Giuseppe Sandro Mela.
Con un rapporto debito / pil molto basso, la Germania non ha nulla da temere di un budget che un anno possa essere negativo.
Ha invece moltissimi motivi di scontentezza per il motivo che ha portato al deficit di bilancio: l’economia tedesca stagna, ed al ristagno economico consegue la riduzione del gettito fiscale. Quindi, a spese invariate, il deficit è obbligatorio.
Siamo stati in questo facili profeti.
«Germany has slashed its estimate of tax intake because of weaker growth»
«Revenue estimates for 2019 were cut to 793.7 billion euros ($892.28 billion) from 804.6 billion euros»
«From 2019 through to 2023, estimates for all state levels were for an intake 124.3 billion euros less than was forecast in November, a tax estimate document published by the finance ministry showed»
«Over the period 2019-2023, the federal government will have some 70.6 billion euros less than the previous projection called for»
«We already have an expansionary fiscal policy in place»
Quasi tutti però concordano nell’affermare che lo stato dovrebbe spendere di più, per stimolare l’economia.
A nostro sommesso parere però, almeno al momento attuale, il metodo Trump di ridurre drasticamente le tasse potrebbe essere una soluzione da prendersi in considerazione, visto tra l’altro che sembrerebbe funzionare più che bene.
Reuters. 2019-05-09. Germany lowers tax revenues, budget shortfall of 10.5 billion euros
Germany has slashed its estimate of tax intake because of weaker growth, the finance ministry said on Thursday, leaving the government with limited room for additional fiscal measures to counter a slowdown in Europe’s largest economy.
Revenue estimates for 2019 were cut to 793.7 billion euros ($892.28 billion) from 804.6 billion euros. From 2019 through to 2023, estimates for all state levels were for an intake 124.3 billion euros less than was forecast in November, a tax estimate document published by the finance ministry showed.
Over the period 2019-2023, the federal government will have some 70.6 billion euros less than the previous projection called for, the figures showed.
The weaker growth outlook has partly been taken into account by Finance Minister Olaf Scholz in the draft budget plan he presented in March. It means that the budget faces a shortfall of 10.5 billion euros until 2023, the finance ministry said.
“The government will have to work hard to make up for the shortfall and everybody will view this as a joint effort,” Scholz told a news conference.
Scholz, a Social Democrat, said that the German economy was facing weaker growth but it was not heading towards a crisis and no additional fiscal stimulus was needed.
“We already have an expansionary fiscal policy in place. And we will stick to this,” Scholz said, adding that the government would continue to refrain from taking on new debt.
Scholz rejected calls from Economy Minister Peter Altmaier, a confidant of conservative Chancellor Angela Merkel, to lower taxes for companies. “I’m against a race to the bottom when it comes to corporate taxation globally,” Scholz said.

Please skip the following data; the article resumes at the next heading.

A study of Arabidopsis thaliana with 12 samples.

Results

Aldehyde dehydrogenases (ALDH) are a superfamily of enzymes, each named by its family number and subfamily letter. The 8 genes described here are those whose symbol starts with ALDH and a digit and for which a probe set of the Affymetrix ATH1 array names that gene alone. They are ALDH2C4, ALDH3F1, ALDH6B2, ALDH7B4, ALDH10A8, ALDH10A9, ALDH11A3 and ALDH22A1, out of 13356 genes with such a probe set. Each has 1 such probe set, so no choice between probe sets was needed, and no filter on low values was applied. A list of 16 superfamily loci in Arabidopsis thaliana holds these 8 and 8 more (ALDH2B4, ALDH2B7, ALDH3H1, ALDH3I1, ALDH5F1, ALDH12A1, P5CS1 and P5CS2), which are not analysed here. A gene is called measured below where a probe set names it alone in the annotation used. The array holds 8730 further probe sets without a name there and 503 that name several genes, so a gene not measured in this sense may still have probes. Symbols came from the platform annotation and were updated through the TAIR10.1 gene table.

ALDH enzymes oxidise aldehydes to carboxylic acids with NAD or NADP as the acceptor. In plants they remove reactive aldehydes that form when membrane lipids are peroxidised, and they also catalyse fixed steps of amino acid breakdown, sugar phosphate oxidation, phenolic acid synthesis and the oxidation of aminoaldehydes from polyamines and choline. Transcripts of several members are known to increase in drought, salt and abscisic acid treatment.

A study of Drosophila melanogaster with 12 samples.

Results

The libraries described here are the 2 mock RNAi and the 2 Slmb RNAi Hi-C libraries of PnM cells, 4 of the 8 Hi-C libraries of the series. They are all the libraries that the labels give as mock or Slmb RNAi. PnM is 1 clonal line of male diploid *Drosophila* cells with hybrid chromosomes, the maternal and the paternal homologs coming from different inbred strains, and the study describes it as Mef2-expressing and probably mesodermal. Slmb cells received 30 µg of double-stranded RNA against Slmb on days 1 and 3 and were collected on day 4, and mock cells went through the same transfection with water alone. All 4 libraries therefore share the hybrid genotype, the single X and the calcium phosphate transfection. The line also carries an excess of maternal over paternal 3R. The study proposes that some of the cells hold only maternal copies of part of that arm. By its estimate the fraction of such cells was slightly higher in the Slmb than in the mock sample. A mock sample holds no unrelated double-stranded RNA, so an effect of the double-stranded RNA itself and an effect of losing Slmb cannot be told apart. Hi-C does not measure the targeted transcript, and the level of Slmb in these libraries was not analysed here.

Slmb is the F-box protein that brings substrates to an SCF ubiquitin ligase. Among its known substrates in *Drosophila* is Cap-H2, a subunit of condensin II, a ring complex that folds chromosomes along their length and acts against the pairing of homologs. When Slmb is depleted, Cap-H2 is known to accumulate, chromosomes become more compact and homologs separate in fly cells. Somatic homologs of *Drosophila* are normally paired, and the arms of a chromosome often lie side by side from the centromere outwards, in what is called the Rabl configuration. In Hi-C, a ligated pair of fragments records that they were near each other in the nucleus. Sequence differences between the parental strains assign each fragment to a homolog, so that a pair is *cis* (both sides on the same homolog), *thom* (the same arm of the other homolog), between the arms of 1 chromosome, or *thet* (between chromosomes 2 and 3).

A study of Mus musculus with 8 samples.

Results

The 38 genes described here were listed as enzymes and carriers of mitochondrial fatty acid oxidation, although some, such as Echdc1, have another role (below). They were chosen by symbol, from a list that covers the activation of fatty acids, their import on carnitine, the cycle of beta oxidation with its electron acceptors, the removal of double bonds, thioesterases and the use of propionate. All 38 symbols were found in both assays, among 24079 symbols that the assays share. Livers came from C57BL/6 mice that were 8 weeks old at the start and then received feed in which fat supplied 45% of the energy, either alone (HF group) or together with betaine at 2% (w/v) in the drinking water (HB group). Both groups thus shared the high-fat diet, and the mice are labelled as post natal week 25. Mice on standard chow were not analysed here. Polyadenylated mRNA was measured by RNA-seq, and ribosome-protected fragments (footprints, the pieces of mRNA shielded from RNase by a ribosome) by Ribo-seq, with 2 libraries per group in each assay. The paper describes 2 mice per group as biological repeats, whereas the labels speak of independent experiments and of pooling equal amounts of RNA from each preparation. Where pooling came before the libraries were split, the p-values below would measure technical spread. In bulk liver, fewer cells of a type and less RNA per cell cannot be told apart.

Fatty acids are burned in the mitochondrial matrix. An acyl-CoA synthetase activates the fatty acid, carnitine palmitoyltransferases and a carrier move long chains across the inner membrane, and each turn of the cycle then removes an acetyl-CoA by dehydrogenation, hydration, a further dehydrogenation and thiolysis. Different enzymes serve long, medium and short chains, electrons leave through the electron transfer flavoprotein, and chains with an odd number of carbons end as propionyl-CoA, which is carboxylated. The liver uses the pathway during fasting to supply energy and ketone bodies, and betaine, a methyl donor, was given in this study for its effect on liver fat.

The minister added, however, that the government would stick to its plan to support corporate research and development with incentives worth 1.25 billion euros per year. The cabinet is expected to pass the draft law next week.
The Telegraph. 2019-05-25. German economic slowdown set to blow €100bn black hole in Berlin’s budget
Germany faces a budget shortfall of €100bn (£86bn) over the next four years as its economy slows, according to leaked government figures.
Economic growth has been much slower than forecast in recent months and tax revenues are expected to fall well short of projections.
That will leave Angela Merkel’s government with a gap of €11.1bn (£9.5bn) to fill in its budget for this year alone, according to leaked figures published by Bild newspaper.
The European Commission cut its growth forecast for the German economy to just 0.5pc on Tuesday, compared to earlier projections of 1.1pc.
[Testo riportato parzialmente causa Copyright]
ESM. 2019-05-24. Germany’s Scholz Eyes Higher Tobacco Tax To Plug Budget Gap: Sources
German finance minister Olaf Scholz is flirting with a higher tobacco tax to plug a multi-billion-euro gap in the federal budget and boost Berlin’s fiscal strength to counter the effects of a slowing world economy, government sources said.
Scholz made the proposal last week during a closed-door meeting with other senior members of Chancellor Angela Merkel’s coalition government, two people familiar with the talks told Reuters on condition of anonymity.
‘Not A Priority’
A finance ministry spokesman declined to comment, while a government spokeswoman said a higher tobacco tax was currently not a priority for the government.
In their coalition deal sealed last year, Merkel’s conservative CDU/CSU bloc and Scholz’s left-leaning SPD agreed to refrain from both taking on new debt and increasing taxes.
“The tobacco tax is not mentioned in the coalition agreement,” the government spokeswoman said. But she added that coalition parties would discuss a tax increase if the need to talk about it should arise.
Scholz wants to increase the tobacco tax gradually over a period of five years starting from 2020. The move could bring additional tax revenues of up to €4 billion from 2020-24, according to a report by Der Spiegel magazine.